Sterle owner’s Slovenian-style comeback plans for E. 55th Street should inspire other developers: editorial

Rick Semersky grew up in South Euclid and Mentor before graduating high school in Toledo, but much of his focus these days is on the once-thriving Slovenian-Croatian enclave around East 55th Street and St. Clair Avenue in Cleveland.

That’s where his Croatian paternal grandmother grew up and where his father lived as a little boy, and it’s where Semersky moved his construction company from Cleveland’s Collinwood neighborhood in 2003.

Semersky upped his interest in the neighborhood in 2012 when he bought Sterle’s Country House, the landmark Slovenian restaurant at the corner of East 55th and Bonna Avenue that features schnitzel and sausage — and polka music Friday and Saturday nights.

He has even bolder plans for the area, including a cafe, market and Eastern European-style brewery that will bring back some of the Old World charm lost years ago to urban decay.

Semersky’s willingness to invest private dollars in a section of Cleveland hard-hit by the recession and foreclosure should inspire other developers to consider similar possibilities in light of the changing urban landscape.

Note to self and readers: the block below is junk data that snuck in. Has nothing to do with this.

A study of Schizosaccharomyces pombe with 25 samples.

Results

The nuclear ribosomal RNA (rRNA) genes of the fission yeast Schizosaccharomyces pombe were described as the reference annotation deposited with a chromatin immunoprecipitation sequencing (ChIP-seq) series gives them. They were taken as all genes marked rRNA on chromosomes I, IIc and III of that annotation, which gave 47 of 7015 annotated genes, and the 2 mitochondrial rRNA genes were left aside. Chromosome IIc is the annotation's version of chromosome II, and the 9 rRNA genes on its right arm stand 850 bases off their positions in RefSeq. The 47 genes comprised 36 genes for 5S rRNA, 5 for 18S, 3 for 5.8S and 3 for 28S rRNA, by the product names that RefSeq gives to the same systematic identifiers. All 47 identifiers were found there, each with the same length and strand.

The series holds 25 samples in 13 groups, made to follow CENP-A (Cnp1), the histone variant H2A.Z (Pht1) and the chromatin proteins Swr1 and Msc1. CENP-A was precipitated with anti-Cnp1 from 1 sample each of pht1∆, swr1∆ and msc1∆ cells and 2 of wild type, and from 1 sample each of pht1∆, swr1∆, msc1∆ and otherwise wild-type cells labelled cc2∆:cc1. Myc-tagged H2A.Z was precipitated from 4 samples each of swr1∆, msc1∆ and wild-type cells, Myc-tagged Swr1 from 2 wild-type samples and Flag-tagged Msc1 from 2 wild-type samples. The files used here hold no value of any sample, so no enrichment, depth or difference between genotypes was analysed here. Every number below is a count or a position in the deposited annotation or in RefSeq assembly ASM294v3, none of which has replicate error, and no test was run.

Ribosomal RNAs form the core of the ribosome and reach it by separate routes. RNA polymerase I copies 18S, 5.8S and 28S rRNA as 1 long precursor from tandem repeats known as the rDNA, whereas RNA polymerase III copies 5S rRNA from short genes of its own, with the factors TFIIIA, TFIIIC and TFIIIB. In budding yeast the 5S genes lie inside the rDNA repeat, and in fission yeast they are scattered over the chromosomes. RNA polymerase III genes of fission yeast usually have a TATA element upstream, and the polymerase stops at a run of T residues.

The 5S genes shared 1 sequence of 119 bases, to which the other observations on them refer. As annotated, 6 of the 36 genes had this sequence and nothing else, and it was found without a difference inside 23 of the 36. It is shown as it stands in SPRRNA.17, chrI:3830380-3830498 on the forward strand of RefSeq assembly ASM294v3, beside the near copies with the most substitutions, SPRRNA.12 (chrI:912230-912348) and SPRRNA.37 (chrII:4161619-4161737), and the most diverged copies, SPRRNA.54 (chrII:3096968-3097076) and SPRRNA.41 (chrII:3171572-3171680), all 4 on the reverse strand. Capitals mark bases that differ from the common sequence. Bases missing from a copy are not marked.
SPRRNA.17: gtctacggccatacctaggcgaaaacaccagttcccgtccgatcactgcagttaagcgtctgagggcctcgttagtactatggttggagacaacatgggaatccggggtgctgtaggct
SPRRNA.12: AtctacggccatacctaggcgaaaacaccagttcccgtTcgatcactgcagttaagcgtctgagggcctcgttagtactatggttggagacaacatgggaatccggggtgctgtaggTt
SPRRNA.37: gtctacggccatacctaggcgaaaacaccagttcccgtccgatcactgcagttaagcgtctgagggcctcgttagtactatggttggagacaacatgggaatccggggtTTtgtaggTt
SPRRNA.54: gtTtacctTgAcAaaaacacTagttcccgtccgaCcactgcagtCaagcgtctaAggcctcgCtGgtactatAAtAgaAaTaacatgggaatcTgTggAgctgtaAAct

Semersky said his plan may not have made economic sense five or ten years ago but that prospects have improved with the growing interest in urban living and an appreciation for Cleveland’s “rust-belt chic” lifestyle.

He’s also hoping for some spillover from the steady growth in downtown Cleveland and University Circle, each a short distance from the East 55th Street corridor where Semersky also plans to build office and retail space.

What makes Semersky’s efforts all the more appealing is the blending of new growth with the preservation of neighborhood heritage, which plays to one of Cleveland’s great strengths. Semersky’s planned Goldhorn Brewery, which will ply Sterle’s with craft beer and include a taproom for the general public, is named for a mythical wild goat from Slovenian folklore.

Semersky’s not alone in his passion for the neighborhood. St. Vitus Church, serving Slovenians of the Roman Catholic faith for more than 80 years, is still going strong.

And the St. Clair Superior Economic Development Corp. initiated a Slovenian festival called Kurentovanje in 2013 that is held in March and features a parade, cultural performances and fuzzy creatures called Kurents.

The mission of the Kurents is to chase away winter and welcome spring, which, economically and metaphorically speaking, is exactly what we need more of in Cleveland. Perhaps Semersky can help show the way.